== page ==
The private key is the secret that identifies you, any signing or verification of your specific identity need the private key. So any operations that will generate something meant to be derived from your identity will require it.
Also, you are not creating a certificate here, you are creating a certificate signing request, something you would hand to another party to whom would then generate the certificate to grant you access.
if you want to create a self signed x509 certificate you should add the -x509 parameter, something like this:
openssl req -x509 -nodes -days 5000 -newkey rsa:2048 -keyout mypem.key -out mycert.crt
- where days are how long the cert is valid (5000 is effectively
- nodes skips password business (skip for testing, omit for anything real)
- and also output the key and cert for later use
And @bartonjs is correct, private key to public key is possible, public key to private key is not. That's why you can hand out the public key and noone can use that to impersonate you. The private key must be secret at all times.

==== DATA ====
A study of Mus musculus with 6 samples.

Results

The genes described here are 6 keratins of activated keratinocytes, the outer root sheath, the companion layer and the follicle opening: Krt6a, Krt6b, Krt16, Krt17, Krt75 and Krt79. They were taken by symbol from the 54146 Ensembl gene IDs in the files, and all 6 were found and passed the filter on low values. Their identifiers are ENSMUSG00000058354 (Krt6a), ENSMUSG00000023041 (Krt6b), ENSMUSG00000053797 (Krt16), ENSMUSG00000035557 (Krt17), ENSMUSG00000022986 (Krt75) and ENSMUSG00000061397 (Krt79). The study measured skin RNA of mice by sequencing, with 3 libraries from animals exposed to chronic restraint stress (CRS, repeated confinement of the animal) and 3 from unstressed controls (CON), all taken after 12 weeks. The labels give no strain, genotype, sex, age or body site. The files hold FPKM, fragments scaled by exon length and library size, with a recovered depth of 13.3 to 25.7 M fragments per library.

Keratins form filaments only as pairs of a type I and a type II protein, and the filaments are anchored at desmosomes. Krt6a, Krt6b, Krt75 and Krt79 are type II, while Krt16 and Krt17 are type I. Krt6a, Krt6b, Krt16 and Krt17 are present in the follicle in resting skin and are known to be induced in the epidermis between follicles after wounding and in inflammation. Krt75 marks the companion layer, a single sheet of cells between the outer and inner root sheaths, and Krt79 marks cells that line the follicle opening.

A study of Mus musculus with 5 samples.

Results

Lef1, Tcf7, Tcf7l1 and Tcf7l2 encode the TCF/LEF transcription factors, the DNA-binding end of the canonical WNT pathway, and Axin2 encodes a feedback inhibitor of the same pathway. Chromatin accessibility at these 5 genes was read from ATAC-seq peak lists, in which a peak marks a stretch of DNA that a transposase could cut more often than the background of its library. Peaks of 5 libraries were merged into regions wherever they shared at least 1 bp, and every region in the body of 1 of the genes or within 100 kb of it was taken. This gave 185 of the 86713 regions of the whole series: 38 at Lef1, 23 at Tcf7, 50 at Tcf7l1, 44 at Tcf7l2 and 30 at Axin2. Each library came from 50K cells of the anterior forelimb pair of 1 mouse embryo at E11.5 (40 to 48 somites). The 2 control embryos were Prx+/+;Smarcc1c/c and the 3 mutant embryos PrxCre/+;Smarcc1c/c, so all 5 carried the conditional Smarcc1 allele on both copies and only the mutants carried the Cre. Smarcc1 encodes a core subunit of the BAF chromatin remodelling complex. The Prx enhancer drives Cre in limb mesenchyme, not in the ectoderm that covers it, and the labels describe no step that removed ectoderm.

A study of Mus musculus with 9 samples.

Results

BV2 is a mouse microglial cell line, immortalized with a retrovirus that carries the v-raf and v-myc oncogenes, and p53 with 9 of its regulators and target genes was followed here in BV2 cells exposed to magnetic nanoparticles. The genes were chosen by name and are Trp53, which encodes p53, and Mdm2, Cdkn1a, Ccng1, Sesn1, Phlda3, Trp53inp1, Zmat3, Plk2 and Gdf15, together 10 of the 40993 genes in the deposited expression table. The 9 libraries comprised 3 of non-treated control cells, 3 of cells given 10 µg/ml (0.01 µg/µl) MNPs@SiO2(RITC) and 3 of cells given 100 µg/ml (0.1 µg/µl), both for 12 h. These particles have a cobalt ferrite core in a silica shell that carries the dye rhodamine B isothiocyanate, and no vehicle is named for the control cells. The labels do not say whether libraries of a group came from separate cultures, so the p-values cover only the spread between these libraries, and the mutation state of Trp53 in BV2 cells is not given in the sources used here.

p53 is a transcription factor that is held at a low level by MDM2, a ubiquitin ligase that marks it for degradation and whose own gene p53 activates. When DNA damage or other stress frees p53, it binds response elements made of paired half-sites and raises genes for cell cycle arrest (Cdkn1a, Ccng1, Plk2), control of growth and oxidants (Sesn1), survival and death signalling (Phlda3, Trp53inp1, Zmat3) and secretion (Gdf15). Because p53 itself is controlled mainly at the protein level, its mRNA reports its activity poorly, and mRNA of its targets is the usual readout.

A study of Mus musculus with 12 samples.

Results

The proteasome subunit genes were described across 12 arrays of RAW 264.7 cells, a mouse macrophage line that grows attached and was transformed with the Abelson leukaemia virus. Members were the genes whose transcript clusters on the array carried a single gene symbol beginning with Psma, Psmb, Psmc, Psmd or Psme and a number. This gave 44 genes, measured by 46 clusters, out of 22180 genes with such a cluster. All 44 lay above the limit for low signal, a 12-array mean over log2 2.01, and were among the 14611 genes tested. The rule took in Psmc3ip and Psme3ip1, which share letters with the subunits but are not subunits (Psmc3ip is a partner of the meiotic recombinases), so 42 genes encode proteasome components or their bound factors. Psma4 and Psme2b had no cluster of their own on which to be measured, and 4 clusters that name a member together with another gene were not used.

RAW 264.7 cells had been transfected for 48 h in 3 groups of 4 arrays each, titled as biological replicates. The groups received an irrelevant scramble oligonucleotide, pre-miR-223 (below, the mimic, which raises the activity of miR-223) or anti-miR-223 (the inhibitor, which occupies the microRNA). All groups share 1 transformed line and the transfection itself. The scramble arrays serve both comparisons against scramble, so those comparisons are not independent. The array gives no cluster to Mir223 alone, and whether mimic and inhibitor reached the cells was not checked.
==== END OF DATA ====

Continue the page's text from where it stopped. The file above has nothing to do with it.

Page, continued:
If you are planning to act as the client wishing to gain access to the server and also the server granting the request you will first need to set up your certificate authority on the server, and the server's certificates.
Somone on stack overflow has a great answer on this already:
But the basic juiste is, you set up the CA and crt of the server then you do something like this on the server:
openssl x509 -req -days 30 -in request.csr -CA ca.crt -CAcreateserial -CAkey ca.key -out signedrequest.crt
you hand the "signedrequest.crt" back to the person who requested it.
I forgot to mention, get rid of -nodes in my command above, it skips the password process. Good for testing, Bad for security. Just FYI.